ANCHORAGE, Alaska — Alaska’s unprecedented COVID-19 crisis escalated Thursday with the state reporting seven new deaths, a record 1,330 new cases and a near-record 209 hospitalizations.
It’s the third time in two weeks that the daily record has been broken: The previous highs were recorded Wednesday, with 1,251 cases, and Sept. 15, with 1,095 cases.
The recent surge has meant the state is still working through a backlog of cases, said Dr. Joe McLaughlin, state epidemiologist.
“At this point, there’s no indication that I’ve seen that we are leveling off,” he said.
Over the last week, Alaska saw a 29% increase in cases, state data showed.
By Thursday there were 209 people hospitalized around the state with confirmed cases of COVID-19, according to a state dashboard. That’s a near record, and far above last winter’s previous peak.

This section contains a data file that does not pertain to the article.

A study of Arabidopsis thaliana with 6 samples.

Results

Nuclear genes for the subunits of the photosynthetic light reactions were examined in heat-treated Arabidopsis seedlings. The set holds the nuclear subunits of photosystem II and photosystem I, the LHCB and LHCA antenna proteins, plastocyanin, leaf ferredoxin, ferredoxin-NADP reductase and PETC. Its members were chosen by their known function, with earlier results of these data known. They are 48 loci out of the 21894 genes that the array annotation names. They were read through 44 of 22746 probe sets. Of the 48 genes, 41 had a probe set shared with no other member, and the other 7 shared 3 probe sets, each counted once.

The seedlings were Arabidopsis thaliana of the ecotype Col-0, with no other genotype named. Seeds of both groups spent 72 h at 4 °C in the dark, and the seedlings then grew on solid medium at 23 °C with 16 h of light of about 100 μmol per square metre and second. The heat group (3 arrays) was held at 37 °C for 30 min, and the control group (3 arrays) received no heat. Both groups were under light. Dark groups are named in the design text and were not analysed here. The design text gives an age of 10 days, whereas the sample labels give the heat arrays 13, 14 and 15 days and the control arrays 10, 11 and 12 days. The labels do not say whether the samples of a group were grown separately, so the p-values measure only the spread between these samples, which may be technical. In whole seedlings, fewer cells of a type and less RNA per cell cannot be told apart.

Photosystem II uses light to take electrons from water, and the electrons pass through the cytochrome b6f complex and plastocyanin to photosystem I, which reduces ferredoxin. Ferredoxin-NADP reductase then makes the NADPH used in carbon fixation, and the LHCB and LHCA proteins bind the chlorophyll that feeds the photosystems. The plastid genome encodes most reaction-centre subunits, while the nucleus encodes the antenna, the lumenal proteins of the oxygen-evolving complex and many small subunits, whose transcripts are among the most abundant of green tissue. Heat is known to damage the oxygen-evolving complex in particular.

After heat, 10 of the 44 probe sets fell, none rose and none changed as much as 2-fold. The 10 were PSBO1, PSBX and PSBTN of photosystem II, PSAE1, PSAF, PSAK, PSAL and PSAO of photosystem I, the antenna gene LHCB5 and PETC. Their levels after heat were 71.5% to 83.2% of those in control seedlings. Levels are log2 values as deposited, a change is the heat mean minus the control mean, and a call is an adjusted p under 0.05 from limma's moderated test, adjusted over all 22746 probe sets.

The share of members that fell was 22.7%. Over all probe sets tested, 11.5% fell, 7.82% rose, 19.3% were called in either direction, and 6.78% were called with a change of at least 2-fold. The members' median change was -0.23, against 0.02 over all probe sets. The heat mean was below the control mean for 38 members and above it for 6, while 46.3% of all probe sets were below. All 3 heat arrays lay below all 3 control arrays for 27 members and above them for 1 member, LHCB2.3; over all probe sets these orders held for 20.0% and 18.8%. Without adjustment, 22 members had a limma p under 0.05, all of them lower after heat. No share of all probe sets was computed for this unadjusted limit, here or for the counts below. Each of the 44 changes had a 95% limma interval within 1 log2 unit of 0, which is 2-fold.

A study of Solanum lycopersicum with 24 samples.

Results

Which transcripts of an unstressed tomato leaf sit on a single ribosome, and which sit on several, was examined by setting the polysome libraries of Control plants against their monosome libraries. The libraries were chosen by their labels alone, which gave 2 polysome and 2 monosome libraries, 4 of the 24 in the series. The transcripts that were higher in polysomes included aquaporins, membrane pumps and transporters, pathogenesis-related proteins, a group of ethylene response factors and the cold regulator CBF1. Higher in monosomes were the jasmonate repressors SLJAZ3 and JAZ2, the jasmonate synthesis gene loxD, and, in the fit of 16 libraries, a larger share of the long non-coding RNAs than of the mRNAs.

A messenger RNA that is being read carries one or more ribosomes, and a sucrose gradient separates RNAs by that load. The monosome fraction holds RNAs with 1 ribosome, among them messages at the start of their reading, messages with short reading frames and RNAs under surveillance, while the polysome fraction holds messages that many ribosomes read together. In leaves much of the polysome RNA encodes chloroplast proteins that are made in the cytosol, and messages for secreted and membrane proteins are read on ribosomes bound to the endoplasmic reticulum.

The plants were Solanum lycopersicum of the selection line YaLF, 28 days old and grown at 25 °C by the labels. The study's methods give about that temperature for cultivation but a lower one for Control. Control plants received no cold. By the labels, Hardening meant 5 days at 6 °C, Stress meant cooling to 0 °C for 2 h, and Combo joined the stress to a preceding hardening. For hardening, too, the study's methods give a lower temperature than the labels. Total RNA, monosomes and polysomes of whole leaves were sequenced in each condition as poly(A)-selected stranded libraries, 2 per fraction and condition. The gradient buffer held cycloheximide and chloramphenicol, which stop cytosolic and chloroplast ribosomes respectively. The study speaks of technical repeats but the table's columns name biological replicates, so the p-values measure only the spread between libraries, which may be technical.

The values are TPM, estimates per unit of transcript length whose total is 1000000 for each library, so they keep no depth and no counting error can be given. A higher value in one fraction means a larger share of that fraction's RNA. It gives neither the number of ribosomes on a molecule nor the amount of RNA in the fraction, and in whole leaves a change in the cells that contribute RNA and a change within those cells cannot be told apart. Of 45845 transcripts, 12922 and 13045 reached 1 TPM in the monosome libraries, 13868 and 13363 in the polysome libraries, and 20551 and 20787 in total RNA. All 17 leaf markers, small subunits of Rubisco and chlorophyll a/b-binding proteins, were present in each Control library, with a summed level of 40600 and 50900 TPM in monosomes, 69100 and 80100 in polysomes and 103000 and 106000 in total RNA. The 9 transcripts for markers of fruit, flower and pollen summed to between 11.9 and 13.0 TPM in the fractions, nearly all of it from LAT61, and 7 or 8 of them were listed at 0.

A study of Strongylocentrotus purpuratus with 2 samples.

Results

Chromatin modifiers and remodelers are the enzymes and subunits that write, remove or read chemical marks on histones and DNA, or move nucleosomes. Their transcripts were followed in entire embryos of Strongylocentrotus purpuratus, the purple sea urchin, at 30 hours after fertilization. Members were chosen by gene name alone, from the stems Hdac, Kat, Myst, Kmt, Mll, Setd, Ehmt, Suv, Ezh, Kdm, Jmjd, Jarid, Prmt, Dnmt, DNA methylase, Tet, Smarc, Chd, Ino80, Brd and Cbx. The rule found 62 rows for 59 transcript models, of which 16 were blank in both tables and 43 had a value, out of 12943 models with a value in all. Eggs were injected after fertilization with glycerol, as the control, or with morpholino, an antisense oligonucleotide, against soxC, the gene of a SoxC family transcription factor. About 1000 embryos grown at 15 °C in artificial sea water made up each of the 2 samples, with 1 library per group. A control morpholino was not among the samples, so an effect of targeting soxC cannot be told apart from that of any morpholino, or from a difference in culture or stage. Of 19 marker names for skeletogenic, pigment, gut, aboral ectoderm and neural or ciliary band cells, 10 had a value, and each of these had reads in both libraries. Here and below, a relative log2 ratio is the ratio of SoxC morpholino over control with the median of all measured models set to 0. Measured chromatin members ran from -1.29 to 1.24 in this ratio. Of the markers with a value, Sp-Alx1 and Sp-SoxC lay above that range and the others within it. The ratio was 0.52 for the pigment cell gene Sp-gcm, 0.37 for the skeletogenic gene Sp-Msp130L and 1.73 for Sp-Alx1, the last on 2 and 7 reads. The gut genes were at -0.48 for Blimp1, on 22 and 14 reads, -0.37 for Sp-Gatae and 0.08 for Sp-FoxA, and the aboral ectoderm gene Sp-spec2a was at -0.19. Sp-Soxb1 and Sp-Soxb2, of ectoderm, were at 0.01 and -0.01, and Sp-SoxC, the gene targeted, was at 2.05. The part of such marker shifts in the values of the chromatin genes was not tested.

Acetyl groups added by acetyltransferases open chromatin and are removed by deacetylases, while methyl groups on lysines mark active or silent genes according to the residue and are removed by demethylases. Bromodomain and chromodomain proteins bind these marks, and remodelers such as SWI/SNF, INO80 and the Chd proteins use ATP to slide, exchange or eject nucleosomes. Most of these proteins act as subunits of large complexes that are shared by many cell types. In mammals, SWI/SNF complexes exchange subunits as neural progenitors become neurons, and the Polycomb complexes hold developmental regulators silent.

Hospitals say their numbers are likely an undercount of the true impact of COVID-19, since they don’t include some long-term COVID-19 patients who no longer test positive but still need hospital care.
The new numbers come a day after state officials announced they would implement crisis standards of care statewide, a worst-case scenario that forces hospitals to ration care due to resource and staffing limitations.
Those limitations and continually high numbers of COVID-19 patients have overwhelmed health care facilities around the state. At least one rural cardiac patient died recently when a bed in Anchorage wasn’t available.
Providence Alaska Medical Center has faced limited resources over the last 10 days, including equipment, space, staffing shortages and could not take transfers from other parts of the state, said Dr. Michael Bernstein, chief medical officer at Providence.